We’re clearing out a backlog of links from the past few weeks in this edition.
[WB1] Since last week’s edition (devoted to HPD’s Harding Street Massacre), HPD’s misconduct has drawn more national attention (from Jacob Sullum in the New York Post). In a followup for the Chronicle, St. John Barned-Smith and Keri Blakinger’s deep dive into the casework of accused former officers Goines and Bryant indicates that they spent years keeping themselves busy with “low-level drug busts punctuated by months with no arrests or seizures at all….”
It doesn’t feel like taxpayers got much from these two officers, but at least Elyse Lanier is comfortable with them babysitting her grandchildren.
[WB2] The state’s takeover of Houston’s dysfunctional school board also drew national attention since the last update, from another newspaper in New York City.
[WB3] In a column for Texas Monthly, Evan Mintz pronounces that “shark” Tony Buzbee’s mayoral campaign is dead in the water.
[WB4] This, despite the fact that even the area’s newspaper of record concedes that “Houston has made little progress building new flood-control infrastructure since the 2017 storm ravaged the region, and, as of Oct. 31, had helped just 71 homeowners through the main home-repair program meant to ensure a full recovery for storm survivors.”
[WB5] The area newspaper of record also points out that Buzbee will have trouble paying for his many promises through “zero-based budgeting” alone.
[WB6] Meanwhile, with Sylvester “Pay to Play” Turner’s re-election increasingly likely, it will take many more federal cases than the Dannenbaum Engineering one to make a dent in The Houston Way.
[WB7] The District B runoff will not be settled with the other races on 14 December, as convicted felon, council candidate, and Turner campaign worker Cynthia Bailey is engaged in ongoing litigation over her eligibility to run for municipal office. State Senator Paul Bettencourt contends that Bailey should never have been allowed to register to VOTE, and that it’s a sign of greater problems in Harris County Tax Assessor Ann Bennett’s voter registration operation. Here’s a blogHOUSTON flashback to Bailey’s glory days of stealing a couple hundred thousand dollars from a school district (read: children).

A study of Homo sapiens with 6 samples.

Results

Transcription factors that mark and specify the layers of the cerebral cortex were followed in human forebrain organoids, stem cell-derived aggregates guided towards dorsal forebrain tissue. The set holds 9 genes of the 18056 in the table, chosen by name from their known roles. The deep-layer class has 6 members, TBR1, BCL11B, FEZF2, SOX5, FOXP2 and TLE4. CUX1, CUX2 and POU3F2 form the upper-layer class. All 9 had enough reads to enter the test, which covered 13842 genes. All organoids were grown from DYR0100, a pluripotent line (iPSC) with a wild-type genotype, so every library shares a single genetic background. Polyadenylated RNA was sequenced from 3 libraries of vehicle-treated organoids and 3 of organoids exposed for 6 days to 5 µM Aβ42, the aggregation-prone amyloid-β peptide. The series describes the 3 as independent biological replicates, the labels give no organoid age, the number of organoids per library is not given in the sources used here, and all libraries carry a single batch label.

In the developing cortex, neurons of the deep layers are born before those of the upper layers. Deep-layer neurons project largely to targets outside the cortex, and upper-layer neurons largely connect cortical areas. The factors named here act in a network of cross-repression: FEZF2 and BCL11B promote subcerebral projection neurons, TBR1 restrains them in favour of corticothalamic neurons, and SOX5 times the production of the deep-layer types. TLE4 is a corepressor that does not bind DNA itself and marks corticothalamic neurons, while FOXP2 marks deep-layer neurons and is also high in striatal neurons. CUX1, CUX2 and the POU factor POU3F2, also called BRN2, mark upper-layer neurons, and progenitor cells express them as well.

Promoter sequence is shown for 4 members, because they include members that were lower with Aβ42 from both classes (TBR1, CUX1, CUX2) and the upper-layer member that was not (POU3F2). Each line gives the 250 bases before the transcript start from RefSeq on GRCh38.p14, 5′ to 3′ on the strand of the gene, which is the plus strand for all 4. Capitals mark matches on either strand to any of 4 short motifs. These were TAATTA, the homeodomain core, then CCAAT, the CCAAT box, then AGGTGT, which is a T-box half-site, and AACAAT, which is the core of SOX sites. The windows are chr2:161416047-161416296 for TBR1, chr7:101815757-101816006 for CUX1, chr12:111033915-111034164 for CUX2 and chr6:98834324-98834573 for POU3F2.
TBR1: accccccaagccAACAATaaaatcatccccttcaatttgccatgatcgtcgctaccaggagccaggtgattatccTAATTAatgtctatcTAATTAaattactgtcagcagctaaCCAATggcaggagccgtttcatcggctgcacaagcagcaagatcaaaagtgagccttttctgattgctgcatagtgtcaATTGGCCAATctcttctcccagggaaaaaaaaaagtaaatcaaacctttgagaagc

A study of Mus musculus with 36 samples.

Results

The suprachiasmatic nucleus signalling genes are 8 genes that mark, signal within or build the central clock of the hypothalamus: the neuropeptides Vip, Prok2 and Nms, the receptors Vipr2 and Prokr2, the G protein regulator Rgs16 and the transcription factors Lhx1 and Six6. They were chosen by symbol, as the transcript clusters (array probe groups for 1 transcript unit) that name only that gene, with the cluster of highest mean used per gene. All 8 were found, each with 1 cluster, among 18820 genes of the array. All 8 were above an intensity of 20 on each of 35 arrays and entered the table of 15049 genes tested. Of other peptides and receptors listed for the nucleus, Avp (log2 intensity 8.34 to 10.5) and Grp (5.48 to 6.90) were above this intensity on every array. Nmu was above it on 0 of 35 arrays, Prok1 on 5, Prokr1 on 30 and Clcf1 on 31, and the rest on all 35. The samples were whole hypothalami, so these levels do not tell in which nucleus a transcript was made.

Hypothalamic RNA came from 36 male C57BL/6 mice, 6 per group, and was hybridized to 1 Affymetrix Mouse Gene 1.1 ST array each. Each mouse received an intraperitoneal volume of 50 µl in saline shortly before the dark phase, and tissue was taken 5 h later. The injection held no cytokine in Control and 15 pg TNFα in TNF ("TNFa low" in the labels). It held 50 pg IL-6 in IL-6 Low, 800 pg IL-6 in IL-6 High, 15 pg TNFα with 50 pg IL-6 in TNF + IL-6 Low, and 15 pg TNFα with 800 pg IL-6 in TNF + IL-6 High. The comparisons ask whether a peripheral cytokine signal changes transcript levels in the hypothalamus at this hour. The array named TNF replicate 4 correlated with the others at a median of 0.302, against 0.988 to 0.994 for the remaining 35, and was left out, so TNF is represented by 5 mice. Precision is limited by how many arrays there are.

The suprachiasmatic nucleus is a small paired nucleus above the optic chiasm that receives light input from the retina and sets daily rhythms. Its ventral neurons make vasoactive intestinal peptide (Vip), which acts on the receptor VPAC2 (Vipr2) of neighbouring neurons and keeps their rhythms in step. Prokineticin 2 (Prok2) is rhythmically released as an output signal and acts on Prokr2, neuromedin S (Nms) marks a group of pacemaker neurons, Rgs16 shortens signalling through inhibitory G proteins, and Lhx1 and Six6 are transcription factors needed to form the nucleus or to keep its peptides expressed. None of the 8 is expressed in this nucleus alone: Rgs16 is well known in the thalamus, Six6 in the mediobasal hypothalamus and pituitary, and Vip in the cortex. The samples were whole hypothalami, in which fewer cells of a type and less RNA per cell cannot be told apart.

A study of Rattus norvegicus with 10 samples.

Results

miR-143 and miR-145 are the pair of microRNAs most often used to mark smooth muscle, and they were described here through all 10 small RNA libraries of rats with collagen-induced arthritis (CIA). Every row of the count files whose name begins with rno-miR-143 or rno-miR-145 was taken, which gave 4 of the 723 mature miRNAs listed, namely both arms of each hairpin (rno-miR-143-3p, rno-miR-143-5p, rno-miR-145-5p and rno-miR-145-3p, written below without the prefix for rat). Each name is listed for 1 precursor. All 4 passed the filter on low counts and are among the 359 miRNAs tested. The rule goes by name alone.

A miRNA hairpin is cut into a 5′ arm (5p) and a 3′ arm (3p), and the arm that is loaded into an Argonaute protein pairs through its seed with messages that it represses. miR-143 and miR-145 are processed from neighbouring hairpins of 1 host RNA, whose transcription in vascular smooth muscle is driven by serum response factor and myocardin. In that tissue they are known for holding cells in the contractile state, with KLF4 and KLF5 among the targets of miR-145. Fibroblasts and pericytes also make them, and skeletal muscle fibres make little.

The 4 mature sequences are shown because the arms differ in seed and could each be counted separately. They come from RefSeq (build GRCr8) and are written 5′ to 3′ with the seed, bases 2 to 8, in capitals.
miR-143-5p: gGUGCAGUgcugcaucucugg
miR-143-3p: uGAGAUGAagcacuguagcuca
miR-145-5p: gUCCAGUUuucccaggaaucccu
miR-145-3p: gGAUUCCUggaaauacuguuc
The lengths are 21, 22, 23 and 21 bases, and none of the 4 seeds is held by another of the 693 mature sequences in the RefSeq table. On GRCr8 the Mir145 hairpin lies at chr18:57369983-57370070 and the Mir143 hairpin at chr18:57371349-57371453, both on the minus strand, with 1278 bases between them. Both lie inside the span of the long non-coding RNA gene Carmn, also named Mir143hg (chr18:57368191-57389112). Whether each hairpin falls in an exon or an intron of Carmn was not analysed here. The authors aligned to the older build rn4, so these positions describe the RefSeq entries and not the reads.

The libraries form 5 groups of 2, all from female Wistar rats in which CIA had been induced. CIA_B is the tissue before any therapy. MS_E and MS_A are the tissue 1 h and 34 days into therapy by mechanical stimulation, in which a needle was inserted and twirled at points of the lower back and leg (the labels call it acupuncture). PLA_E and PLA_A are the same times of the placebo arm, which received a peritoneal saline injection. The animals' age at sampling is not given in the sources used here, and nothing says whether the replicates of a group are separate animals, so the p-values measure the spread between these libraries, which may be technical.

[WB8] A state district court has put two affordable housing projects on hold due to a lawsuit against the Houston Housing Authority alleging improprieties.
[WB9] I recently visited Sydney, where contactless payment systems have been implemented across New South Wales public transit and worked flawlessly. Meanwhile, here in Houston, a proposal that might have created such a payment system by the year 2022 (at a starting cost of a whopping $37 million) was put on the backburner after a local blogger convinced the METRO chief instead to consider implementing free fares. This Weekend Brunch item is not from The Onion; METRO’s decision-making process is embarrassing.
[WB10] Federal district judge Lee Rosenthal signed off on a massive bail reform agreement for Harris County, the ultimate result of a class-action lawsuit brought against the county on behalf of indigent defendants.
[WB11] At my ideal newspaper, quality editors would return copy like this and ask for a real column instead of lazy filler (holiday or not).
[WB12] Instead of lazy filler, the Chronicle’s affluent Austin-based business columnist apparently thought Thanksgiving would be a great time to scold Americans for being “fat dumb and dying” and announce the punishments he would have government (through its monopoly on the use of force) impose on us for our own good. It’s a variant of billionaire Democrat presidential candidate Mike Bloomberg’s desire to tax the poor as punishment/deterrent for their allegedly bad life decisions. In both cases it’s arrogant, condescending, elitist, and offensive.